In the last issue I took a look at 2009 and several of the issues that stuck in my mind for that year. As many of us do at the start of a new year, over the course of the past week or so I have spent a decent amount of time soul-searching. I’ve thought about the kind of person I am, the kind of person I want to be, and the kind of people I want to raise my children to be. And I’ve decided to share some of those personal observations and the results of some of that soul-searching.
Probably the single thing that struck me the most as I reviewed my columns (both for QSaltLake and other outlets) over the past year is the sarcastic and negative tone I tended to take. As we look at social and political issues, it is very easy to find those to whose beliefs and actions we are opposed. I’ve found several such people, and I’ve written about them, rarely in positive terms. For that I apologize. One thing I ask from my employees is that when they bring me a problem, they try to offer me some possible solutions, or at the very least some means by which they’ve already tried to solve the problem. Regarding the issues I’ve discussed in these columns, I’ve failed to do so one more than one occasion. That is my first New Year’s Resolution: to bring a more positive approach to my writing, to work on a positive note FOR equality.
That, I think, is a lesson other activists and people involved in gay, lesbian, bisexual, transgender and queer affairs can take to heart. Not to say that everyone else is doing the same thing — I think there are plenty of people who are approaching equality issues from a very positive perspective. However, there are also plenty of people out there who have been doing it the same way I have been, being critical of legislation or commentary, but providing no real positive alternative.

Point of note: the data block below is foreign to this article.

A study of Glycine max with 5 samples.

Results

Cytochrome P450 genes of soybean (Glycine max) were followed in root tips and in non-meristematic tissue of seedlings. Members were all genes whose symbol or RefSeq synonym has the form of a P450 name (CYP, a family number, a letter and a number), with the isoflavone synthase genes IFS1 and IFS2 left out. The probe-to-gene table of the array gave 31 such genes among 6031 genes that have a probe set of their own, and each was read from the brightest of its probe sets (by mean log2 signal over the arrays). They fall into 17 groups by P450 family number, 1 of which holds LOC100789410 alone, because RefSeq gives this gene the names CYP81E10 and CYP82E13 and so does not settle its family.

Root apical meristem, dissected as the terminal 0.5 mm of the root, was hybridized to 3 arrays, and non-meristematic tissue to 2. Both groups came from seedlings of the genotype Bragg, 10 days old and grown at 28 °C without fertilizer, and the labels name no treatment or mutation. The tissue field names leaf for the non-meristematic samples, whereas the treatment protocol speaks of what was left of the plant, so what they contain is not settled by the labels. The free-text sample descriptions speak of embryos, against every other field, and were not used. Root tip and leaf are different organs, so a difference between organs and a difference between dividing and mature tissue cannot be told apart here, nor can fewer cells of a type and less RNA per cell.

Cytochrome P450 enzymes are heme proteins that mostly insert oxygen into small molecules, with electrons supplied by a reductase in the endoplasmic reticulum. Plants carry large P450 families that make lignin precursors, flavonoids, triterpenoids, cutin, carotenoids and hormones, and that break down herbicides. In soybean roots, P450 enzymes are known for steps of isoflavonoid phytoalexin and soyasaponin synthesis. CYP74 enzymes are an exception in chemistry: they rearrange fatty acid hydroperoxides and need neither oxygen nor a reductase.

As I mentioned in my last column, the key to making positive change in our society is understanding. Once people truly understand the issues involved and the people behind those issues, change will happen. Maybe it’s trite, but I do believe the average person has an inherent goodness and fairness that will eventually triumph over their irrational fears and the propaganda spewed forth by extremists. The key to helping this understanding along is to not play the game on the extremists’ terms. Propagate that understanding. Hold firm to your ideas, beliefs and demands for equality but do so rationally — without hatred and without violence.
Is there change in the wind for 2010? Absolutely. We saw some decent change in 2009, and this year has other city and county governments looking at gay, lesbian, bisexual and transgender-inclusive ordinances similar to those passed in Salt Lake City last November. The Legislature will be in session again shortly, and all of the Common Ground bills that died last year can be resurrected this year. The important thing in 2010 will be to help Utahns understand what those bills really mean: equality for all Utah residents, not special privileges for a certain group.
OK, so I sound a bit preachy, but it’s that time of year, so cut me a little slack. Remember, I intend to put my money where my mouth is and work from the positive angle as well this year. If I don’t, please feel free to call me on my bullshit.